1. Kirsty Hett1,
  2. Mirella Longo1,
  3. Benjamin Hope-Gill2 and
  4. Annmarie Nelson1
  1. 1Cardiff University, UK
  2. 2Cardiff and Vale University Health Board, UK


Background Idiopathic Pulmonary Fibrosis (IPF) is a progressive condition of the lung with no known cause or cure. Whilst treatments slow disease progression, symptom control remains paramount to improving quality of life. Cough is a predominant symptom, however, the underlying mechanism is unknown and medications seldom provide relief (Hope-Gill et al. 2003). This study aims to characterise the way patients and their family perceive cough and the impact on their daily lives.

Methods Eligible patients had a diagnosis of IPF and a chronic cough. A convenience sample was drawn from an ongoing cross-sectional study and consented to face-to-face interviews in the outpatient setting or at home. Thematic analysis was used to analyse the transcripts.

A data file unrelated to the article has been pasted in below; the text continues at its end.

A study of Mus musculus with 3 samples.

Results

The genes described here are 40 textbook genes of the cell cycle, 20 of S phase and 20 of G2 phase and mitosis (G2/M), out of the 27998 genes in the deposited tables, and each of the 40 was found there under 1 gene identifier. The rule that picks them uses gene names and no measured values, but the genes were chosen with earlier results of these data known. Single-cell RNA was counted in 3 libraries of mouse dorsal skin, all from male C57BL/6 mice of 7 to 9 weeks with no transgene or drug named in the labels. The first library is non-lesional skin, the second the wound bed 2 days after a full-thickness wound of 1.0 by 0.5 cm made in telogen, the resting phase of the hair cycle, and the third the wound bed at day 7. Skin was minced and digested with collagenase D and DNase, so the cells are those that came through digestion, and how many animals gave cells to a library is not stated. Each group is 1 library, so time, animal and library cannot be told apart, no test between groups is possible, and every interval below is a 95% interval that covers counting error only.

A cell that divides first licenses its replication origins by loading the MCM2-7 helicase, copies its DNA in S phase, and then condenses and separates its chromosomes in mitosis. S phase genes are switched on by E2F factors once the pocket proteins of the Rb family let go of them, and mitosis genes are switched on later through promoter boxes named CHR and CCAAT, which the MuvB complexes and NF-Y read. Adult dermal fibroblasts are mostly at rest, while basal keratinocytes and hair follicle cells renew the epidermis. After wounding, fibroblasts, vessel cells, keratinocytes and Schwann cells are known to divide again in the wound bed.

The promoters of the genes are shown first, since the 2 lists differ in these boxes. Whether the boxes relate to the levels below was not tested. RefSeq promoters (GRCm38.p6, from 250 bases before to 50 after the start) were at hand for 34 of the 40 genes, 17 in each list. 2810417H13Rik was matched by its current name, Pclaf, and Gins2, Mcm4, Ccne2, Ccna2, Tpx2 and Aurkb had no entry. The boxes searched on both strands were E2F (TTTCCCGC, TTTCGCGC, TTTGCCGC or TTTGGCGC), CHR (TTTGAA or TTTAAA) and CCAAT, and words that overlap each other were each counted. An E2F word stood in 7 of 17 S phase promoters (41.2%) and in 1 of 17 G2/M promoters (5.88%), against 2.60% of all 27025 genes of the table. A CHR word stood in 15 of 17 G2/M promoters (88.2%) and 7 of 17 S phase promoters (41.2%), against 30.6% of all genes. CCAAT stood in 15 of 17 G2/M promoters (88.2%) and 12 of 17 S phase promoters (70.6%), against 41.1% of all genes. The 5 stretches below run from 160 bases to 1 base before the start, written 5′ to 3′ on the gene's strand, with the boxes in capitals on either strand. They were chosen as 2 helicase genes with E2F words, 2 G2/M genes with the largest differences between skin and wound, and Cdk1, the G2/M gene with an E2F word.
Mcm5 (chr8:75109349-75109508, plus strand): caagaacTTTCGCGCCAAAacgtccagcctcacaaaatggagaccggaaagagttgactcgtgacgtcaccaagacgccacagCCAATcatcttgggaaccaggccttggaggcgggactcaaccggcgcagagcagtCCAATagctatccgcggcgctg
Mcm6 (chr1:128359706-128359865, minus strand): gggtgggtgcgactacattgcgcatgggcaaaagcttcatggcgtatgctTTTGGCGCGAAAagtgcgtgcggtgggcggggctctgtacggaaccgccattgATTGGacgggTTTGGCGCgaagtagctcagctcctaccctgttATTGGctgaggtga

Results 12 patients (9 male), aged 45–84, with a history of IPF spanning 1–57 months and 11 family members (females) participated. Patients and family see cough as marker of disease. Cough initially motivated patients to seek health advice which led to the diagnosis and from this, cough is perceived as a reminder of the condition and used as a measure of disease progression. There are degrees of understanding, acceptance and ability to cope with cough, depending on family members, friends and societal awareness of patients’ condition. Cough also generates resentment, anger and denial, some of which stems from lack of communication.

Conclusions Patients and family use cough to monitor disease progression. However, the lack of a clear link between the two makes it challenging for clinicians to support patients to manage IPF. Communication and information sharing between patients, family and clinicians enhance coping mechanisms.